Posted by: Mish | May 25, 2010

Thieves’ World

While wine flowed prior to a sci-fi con in ’78, Robert Asprin said to his cohorts, “Imagine if our favorite sword-and-sorcery characters shared the same settings and time-frames. Imagine the potentials. Imagine the tie-ins. What if…” the characters know of each other and their paths crossed? What if several writers agree to contribute their own characters and plots? What if the writers could use each others’ characters? Such is how the fantasy anthology Thieves’ World and its series were born.

Within the city of Sanctuary readers are introduced to Enas Yorl who is powerful but can’t undo his curse, thieving Shadowspawn who gets caught in a trap set for another, the wandering minstrel Cappan Varra, madame Myrtis who wants to bargain for her girls, and many others. They aren’t as cliché as they might seem. Because a writer’s character is shared, intonations and perceptions may seem to vary. It’s a case of he said she said. Thieves’ World is like a mystery where everyone is asked to give their account. And as Asprin said in his editor’s note, “the pecking order of Sanctuary will vary depending on who you talk to…or more importantly, who you believe”.

Those who let their arms be twisted into joining the project are:

  • John Brunner- “Sentences of Death”
  • Lynn Abbey- “The Face of Chaos”
  • Poul Anderson- “The Gate of the Flying Knives”
  • Andrew J. Offutt- “Shadowspawn”
  • Robert Lynn Asprin – “The Price of Doing Business”
  • Joe W. Haldeman- “Blood Brothers”
  • Christine DeWees- “Myrtis”
  • Marion Zimmer Bradley- “The Secret of the Blue Star”

Thieves’ World is a fun, entertaining, and enjoyable read. Some of the the writing may not be the best, but it gets points for originality. While some writers went on to other projects, new contributors such as Diana Paxon and C.J. Cherryh breathed new life into Sanctuary. Bradley’s Lythande and Offutt’s Shadowspawn continued their adventures in other novels.  A friend with whom I share similar tastes exclaimed, “those are great!” I’m looking forward to reading more of the anthologies and/or the spin-off novels, of which there are many.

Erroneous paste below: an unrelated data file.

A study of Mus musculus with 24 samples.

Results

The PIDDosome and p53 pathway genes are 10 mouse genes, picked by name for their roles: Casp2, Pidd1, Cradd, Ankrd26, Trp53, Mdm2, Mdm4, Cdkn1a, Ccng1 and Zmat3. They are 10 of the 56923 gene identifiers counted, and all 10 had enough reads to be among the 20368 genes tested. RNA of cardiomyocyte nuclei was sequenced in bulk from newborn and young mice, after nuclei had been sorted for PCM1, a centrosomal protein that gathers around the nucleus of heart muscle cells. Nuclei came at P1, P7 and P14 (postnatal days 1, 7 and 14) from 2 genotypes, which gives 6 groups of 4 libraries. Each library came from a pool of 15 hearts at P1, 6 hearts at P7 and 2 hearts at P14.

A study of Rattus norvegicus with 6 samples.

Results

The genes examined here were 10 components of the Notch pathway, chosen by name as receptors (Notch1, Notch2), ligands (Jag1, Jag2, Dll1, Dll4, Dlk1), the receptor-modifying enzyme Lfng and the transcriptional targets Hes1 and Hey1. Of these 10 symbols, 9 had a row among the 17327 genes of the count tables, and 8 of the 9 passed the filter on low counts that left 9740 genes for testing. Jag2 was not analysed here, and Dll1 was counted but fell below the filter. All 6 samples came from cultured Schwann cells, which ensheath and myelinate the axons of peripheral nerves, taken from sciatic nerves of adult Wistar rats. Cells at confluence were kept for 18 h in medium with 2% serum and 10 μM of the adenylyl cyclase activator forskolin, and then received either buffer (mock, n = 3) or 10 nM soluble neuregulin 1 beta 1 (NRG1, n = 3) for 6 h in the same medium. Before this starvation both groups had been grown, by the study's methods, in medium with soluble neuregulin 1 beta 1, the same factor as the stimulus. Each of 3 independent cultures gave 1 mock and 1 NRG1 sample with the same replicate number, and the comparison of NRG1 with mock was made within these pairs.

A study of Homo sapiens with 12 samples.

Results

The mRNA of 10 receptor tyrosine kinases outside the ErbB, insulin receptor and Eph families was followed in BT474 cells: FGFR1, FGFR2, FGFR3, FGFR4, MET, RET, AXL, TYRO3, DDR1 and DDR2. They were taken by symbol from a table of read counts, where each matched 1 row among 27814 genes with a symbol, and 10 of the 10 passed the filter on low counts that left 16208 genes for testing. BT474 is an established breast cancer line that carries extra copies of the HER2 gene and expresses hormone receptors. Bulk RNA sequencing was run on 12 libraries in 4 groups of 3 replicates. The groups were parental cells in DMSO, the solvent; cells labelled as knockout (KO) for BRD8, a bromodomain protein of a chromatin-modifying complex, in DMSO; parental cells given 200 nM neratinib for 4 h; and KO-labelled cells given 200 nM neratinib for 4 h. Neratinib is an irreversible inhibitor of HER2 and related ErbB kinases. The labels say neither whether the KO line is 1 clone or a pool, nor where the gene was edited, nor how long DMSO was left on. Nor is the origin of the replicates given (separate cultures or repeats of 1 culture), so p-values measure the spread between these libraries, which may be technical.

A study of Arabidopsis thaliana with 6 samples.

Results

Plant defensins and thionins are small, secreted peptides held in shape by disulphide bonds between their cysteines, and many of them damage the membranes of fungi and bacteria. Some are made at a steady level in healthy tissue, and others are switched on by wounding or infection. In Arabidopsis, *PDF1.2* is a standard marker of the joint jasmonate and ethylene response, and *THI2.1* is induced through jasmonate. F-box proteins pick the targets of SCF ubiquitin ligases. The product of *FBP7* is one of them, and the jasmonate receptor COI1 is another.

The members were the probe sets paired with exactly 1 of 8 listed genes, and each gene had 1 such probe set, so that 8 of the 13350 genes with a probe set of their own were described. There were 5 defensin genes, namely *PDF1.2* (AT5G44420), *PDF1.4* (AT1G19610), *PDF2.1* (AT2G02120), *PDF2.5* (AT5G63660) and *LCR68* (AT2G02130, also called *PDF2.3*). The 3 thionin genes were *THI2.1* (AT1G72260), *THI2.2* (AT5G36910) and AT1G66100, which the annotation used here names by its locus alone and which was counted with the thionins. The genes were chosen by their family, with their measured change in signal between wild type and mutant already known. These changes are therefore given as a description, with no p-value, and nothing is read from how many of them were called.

“We hold where I come from that no man can flee his weird, so he may as well meet it in a way that’ll leave a good story. Besides, this may not be our death day.” ~Poul Anderson,”the Gate of the Flying Knives”

Two years ago almost to the day I was introduced to the name Robert Asprin. That was quite the filk session/wake- music, stories, Glen, and a lot of laughs. He’s one of the funniest men I never met, but Robert made MarCon more memorable than it already was.

Glenlivet

Robert L. Asprin
06/28/46 – 05/22/08
Thanks for the laughter, sláinte!


  1. I was crazy about this as a teenager, me and my friends thought it was one of the coolest things ever.

    There was a game based on it too, more accurately a supplement for other games. It was so you could play roleplaying games a la D&D in the setting (not so odd an idea, the shared worlds Wild Card series of about the same time is basically the novelisation by a group of writers of their then roleplaying campaign).

    The supplement came with the most wonderful map, and setting background that we pored over as if it was some arcane and secret lore.

    Cool stuff. I’d largely forgotten it. Here’s to Robert!

  2. I’ve seen the RPG games that stemmed from the series and they look fun. I’m sure that if I was aware of them when I had local gaming friends we would have played between D&D, Masquerade, Rifts…

    I have one of the Wild Card books in the TBR queue. I knew it was along the same lines of Thieves’ World, but not about the RPG bit. Cool to know.

    Cheers!

  3. Wild Cards was based on the Superworld rules I believe, which I have a pdf of somewhere but never got into.

    It may have been their characters rather than their campaign, it’s been a while. Not the most important point really anyway.

  4. It seems the Superworld rules were similar/spun off of Champions, which I used to play.

    Either way it’ll be fun to read. Thanks for helping move it up on the list. Heheh.